Meet Warren Buffett
I recently attended the Berkshire Hathaway shareholders’ meeting in Omaha, Nebraska. This was not an exclusive event. Almost 40,000 people attended to learn from Chairman and CEO Warren Buffett (age 86) and his sidekick, Charlie Munger (age 93). It was an interesting and educational experience.
The format of the meeting is simple: Buffett and Munger answer questions from shareholders, journalists, and analysts for a little over five hours. It was amazing that after nearly 55 questions Buffett and Munger were so alert, responsive, and clear-minded. Perhaps this was a function of the Coca-Cola and See’s peanut brittle the two ate incessantly throughout the day.
I am a numbers guy, and the numbers are startling. Berkshire Hathaway earns almost $20 billion per year. The company has about $100 billion in cash on hand. It is sole owner of over 50 businesses, including Burlington Northern Railroad, GEICO, Dairy Queen, Benjamin Moore, and Knoxville-based Clayton Homes. Berkshire also holds large stock positions in a number of familiar companies; for example, $20 billion of Apple and $28 billion of Kraft Heinz.
Clayton Homes made $744 million in 2016. Back in 2003, Berkshire paid $1.6 billion for Clayton. Not a bad investment! On display was a 464 square foot “tiny home” featuring oak hardwood floors, poplar bark siding, a cedar shake roof, and a covered porch. Google “Clayton Tiny Home” and you will be impressed.
I enjoyed the wit and humor exhibited by both Buffett and Munger. A concerned shareholder asked a two-part question inquiring why a company of Berkshire’s stature would allow a subsidiary to produce chicken-processing equipment and where they stand on nuclear proliferation. Munger’s lightning quick response: “We don’t mind killing chickens, but we are against nuclear war.”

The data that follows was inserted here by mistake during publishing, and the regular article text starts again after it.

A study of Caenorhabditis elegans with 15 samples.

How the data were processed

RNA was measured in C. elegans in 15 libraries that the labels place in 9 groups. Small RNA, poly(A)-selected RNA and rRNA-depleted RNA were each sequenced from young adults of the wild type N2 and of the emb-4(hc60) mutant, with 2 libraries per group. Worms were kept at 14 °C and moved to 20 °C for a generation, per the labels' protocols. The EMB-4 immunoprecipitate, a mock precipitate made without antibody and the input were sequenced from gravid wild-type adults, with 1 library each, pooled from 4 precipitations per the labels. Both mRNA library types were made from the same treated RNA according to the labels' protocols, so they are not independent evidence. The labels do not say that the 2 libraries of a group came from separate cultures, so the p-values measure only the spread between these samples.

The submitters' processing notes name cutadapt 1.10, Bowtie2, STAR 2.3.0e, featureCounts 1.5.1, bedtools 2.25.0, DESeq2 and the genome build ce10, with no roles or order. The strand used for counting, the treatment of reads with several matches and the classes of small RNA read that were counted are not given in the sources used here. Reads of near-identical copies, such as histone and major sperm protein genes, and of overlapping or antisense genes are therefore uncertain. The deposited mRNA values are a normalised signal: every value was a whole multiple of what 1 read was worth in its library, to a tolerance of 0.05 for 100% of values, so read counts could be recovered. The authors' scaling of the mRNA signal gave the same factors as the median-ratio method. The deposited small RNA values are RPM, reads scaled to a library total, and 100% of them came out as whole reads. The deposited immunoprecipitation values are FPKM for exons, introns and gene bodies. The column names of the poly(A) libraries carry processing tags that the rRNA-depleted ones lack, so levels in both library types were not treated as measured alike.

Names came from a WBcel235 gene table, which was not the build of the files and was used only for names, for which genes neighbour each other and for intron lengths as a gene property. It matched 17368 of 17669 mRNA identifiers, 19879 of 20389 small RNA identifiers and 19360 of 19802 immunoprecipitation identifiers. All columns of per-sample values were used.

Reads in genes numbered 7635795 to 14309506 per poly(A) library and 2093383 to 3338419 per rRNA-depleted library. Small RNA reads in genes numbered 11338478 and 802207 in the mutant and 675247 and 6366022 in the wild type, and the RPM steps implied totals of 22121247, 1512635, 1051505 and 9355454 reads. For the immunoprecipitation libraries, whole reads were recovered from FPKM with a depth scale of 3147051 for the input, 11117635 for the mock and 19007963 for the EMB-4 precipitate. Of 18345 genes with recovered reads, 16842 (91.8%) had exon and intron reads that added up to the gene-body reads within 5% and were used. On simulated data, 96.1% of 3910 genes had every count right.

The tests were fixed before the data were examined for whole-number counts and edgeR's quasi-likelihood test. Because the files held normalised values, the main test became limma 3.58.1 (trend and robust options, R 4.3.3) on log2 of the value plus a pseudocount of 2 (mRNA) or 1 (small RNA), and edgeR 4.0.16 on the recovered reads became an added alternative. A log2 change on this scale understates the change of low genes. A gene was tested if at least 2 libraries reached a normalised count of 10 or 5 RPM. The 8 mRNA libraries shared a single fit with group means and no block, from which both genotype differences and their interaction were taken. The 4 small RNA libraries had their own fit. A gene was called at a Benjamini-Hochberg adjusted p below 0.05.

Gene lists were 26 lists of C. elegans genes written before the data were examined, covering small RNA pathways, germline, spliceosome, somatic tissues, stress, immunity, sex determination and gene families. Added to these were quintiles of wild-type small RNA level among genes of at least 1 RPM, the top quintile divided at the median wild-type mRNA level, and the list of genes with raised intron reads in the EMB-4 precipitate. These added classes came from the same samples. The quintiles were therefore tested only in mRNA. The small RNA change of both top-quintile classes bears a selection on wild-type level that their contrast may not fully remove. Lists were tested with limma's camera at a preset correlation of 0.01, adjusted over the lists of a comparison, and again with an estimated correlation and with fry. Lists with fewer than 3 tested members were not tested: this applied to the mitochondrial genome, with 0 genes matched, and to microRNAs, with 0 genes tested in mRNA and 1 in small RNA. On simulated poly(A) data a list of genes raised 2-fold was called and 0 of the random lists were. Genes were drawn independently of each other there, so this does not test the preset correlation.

Buffett commented that you should not be scared of competition, citing one must “fish where the fish are.” Similarly, you shouldn’t worry about where your friends or colleagues are investing their money. A strategy that works for one person likely will not work for another, because everyone’s goals, personality, and aspirations are unique.
Buffett also spent quite a bit of time explaining his view on interest rates. He proposed, “All expected returns (for stocks and bonds) will depend on interest rates.” He believes bonds are a terrible investment at today’s rates, and advises only holding bond positions sufficient to fund living expenses over the next five or ten years. He says that most folks will be better served by investing the remaining money in a stock index fund (Munger recommended Berkshire stock). This will only work if you have the discipline to not sell next time stocks experience another large decline….the last decline being 40 percent!
We can learn from those who have been successful. The challenge is applying these lessons to comfortably fit your situation. After all, Warren Buffett is not going to be available for consultation when the next crisis in your financial life happens.
An edition of this column was featured in the print version of the June 4 Knoxville News-Sentinel.
Meet the Author
Tom Coulter, CPA
Tom is the President and a founder of Meridian Trust. Tom graduated from The University of Tennessee, Knoxville, in accounting with honors, in 1978. Tom previously worked for the international accounting firm, Deloitte. He later joined the financial medical advising firm, FIS Associates, before founding Meridian Trust in 1997. Tom has worked extensively in retirement planning, taxation, estate and financial planning and investment management. He is a Certified Public Accountant, a member of the American Institute of CPAs (AICPA), and the Tennessee Society of CPAs (TSCPA).
Tom is also credentialed as a Personal Financial Specialist (PFS) by the AICPA.